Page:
B’ha’alotcha 5761

Tora - Torah

Parshat B'ha’alotcha 18 Sivan, 5761 June 9, 2001

Something Old:
To review last year’s Tora-Torah for B'ha’alotcha, just click
Something New:

Rabbi Menachem Raab (father of Black Belt, Moshe Raab) wrote this Dvar Torah for Parshat B’ha’alotcha. (That’s two weeks in a row for Tora-Torah connections. One more, I think we should award an honorary belt!)

Rashi asks, “Why did the Torah tell about Aharon’s duties of lighting the Menorah daily immediately following the Korbanot that the Nesi’im brought when the Mishkan was dedicated?” He answers (Num. 8; 2) that Aharon was disappointed that the Nesi’im brought the Korbanot and he had no duties to perform. Therefore, Hashem said to him “Your task will be greater than theirs. You will light the Menorah”.

It is strange that when Hashem wants to show him that his tasks are greater and more important, He points to the Menorah,not to the fact that he will be going into the Kodesh Kadoshim or that his garments will be gold whereas the simple Kohanim wear plain garments. No other Kohen can do these things, and yet He points to the Menorah.

People think that a person distinguishes himself by doing something that no one else can do. The truth is the opposite. A person shows his greatness when he does what anyone else can do but he does it better or does it consistently or does it regularly and does not tire from performing his task. Anyone could light the Menorah but Aharon would do it with greater Kavana and determination than others.

When we have things to do – homework, or going to work, or Davening, or helping someone – if we do them willingly and with the right spirit, then we are great. If we do them as a chore that we would prefer not to have to do, then we lose our greatness.

Developing the skill of Kavana (which I define as “disciplined spiritual imagination”) is what Tora Dojo is all about. That’s what an actor does when he/she uses the same lines each night but manages to keep them fresh and alive. Part of Tora Dojo training is to use our Kavana to make every move we do (every form we practice) new and fresh each time we do it. That is what makes our technique “great”.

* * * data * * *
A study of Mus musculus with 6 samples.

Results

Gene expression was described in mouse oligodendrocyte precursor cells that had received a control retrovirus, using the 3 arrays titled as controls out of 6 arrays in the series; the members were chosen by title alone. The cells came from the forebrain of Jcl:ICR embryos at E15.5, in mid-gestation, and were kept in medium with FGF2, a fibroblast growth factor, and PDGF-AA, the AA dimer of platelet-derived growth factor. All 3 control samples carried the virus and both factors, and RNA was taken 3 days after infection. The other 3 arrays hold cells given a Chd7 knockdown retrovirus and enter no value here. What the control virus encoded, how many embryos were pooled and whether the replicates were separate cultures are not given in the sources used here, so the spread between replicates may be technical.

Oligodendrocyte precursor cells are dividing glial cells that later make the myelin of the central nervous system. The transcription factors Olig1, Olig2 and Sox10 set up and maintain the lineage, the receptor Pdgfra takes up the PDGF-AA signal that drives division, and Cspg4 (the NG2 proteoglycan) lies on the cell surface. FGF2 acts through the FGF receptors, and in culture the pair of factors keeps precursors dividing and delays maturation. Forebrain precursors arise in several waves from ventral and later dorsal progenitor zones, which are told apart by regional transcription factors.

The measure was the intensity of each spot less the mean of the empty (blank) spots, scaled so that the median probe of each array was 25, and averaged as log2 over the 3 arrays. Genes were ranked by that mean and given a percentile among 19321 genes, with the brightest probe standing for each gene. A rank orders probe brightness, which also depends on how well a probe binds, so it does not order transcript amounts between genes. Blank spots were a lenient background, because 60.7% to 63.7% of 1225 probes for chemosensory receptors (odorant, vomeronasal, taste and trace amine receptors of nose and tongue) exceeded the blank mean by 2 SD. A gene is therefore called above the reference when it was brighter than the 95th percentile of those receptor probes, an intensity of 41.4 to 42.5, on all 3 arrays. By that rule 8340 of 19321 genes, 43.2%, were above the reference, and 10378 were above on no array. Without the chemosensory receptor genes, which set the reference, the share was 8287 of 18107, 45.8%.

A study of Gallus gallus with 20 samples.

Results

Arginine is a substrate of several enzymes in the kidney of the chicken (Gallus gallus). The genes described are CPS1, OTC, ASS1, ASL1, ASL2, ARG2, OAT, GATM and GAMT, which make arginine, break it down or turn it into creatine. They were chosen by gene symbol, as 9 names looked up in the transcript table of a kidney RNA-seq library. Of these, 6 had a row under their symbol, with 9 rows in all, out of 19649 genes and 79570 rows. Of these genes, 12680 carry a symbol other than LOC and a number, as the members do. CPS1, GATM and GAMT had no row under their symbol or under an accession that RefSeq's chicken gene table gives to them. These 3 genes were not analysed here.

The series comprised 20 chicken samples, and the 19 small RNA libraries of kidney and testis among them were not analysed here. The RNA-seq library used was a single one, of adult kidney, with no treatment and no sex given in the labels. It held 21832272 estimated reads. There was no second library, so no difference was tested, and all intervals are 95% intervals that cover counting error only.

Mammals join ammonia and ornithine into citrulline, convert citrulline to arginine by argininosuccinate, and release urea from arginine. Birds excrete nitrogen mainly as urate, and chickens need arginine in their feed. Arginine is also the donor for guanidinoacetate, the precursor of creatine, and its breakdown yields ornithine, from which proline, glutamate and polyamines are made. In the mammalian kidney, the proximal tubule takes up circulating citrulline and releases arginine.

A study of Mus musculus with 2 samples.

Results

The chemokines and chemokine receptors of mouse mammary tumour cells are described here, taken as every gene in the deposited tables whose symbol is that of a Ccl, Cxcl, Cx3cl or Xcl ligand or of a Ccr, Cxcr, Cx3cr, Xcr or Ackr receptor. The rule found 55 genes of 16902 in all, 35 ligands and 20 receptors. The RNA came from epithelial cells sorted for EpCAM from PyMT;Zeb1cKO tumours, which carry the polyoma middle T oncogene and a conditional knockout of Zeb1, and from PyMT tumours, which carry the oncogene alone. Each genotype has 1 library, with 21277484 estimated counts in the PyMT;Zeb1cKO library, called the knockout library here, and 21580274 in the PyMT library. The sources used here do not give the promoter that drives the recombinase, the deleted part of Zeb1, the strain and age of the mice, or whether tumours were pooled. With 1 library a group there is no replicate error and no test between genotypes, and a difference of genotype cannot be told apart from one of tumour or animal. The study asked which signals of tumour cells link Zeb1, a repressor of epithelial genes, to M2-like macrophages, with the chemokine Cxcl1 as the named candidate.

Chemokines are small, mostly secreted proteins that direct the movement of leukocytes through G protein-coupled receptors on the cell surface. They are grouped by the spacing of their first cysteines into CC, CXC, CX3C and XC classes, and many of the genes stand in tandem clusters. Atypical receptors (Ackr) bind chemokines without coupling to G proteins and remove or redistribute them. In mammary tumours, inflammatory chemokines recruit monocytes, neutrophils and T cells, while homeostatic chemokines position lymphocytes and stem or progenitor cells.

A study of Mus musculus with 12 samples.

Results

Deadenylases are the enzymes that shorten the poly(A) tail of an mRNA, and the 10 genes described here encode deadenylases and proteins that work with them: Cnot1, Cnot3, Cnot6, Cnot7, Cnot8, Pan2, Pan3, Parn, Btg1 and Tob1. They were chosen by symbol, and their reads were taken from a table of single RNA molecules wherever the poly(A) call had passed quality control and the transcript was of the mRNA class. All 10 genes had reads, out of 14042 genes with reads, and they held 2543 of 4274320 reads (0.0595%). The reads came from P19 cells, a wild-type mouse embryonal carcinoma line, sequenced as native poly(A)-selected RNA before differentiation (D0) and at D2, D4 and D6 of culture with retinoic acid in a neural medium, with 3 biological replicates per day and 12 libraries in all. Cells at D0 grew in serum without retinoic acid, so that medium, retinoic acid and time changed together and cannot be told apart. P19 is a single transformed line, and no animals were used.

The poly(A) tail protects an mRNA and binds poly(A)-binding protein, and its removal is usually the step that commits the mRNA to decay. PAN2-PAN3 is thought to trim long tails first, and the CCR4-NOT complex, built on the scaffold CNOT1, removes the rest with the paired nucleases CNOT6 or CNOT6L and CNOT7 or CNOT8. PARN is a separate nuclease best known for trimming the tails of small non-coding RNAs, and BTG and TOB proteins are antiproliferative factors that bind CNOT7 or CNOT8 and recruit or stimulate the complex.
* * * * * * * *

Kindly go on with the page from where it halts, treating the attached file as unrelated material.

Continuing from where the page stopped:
There is another level to this lesson as well. In the early days of Tora Dojo, every time we would see TaShih do a new form (they were all new to us at the time) or perform a new break, all we wanted to do was work harder to be able to do what he did.

After a while it got so crazy that everyone wanted to do something new that had never been seen before… even if the level of difficulty was not as great. I can appreciate that. Something new and different is always entertaining at an exhibition. But by focusing on the demonstration being “new”, we could also avoid aspiring toward the great things that had been done before. We could hide behind an attitude of “Well, that’s not for me to do, that’s for Sifu” or “That’s for TaShih!”

The Parsha reminds us of this very important idea so neatly summarized by Rabbi Raab. A person shows his greatness when he does what anyone else can do but he does it … consistently… with greater Kavana and determination.

In any case, Tora Dojo forms and breaks are not things anyone can do. Nevertheless, we should always reach higher… to aspire to do what our teachers have done. They blaze the path that we can follow. And don’t worry; there will always be time to innovate too.

"Tora-Torah" is a weekly column on Parshat Hashavua with insights into the inner aspects of the Jewish martial arts as founded and taught by Grand Master H. I. Sober in the International Tora Dojo Martial Arts Association. The copyrighted 'Tora tiger' logo is used with permission of Prof. H. I. Sober.

"Tora-Torah" is written or edited by Michael Andron, PhD. Lao Shih, a Seventh Degree Black Belt in the Tora Dojo Association. He has been teaching Grand Master Sober's system for over 30 years.

Note that the Tora Dojo comments are highlighted in a different color. This should help teachers in their sharing Tora-Torah with younger students at their level of comprehension.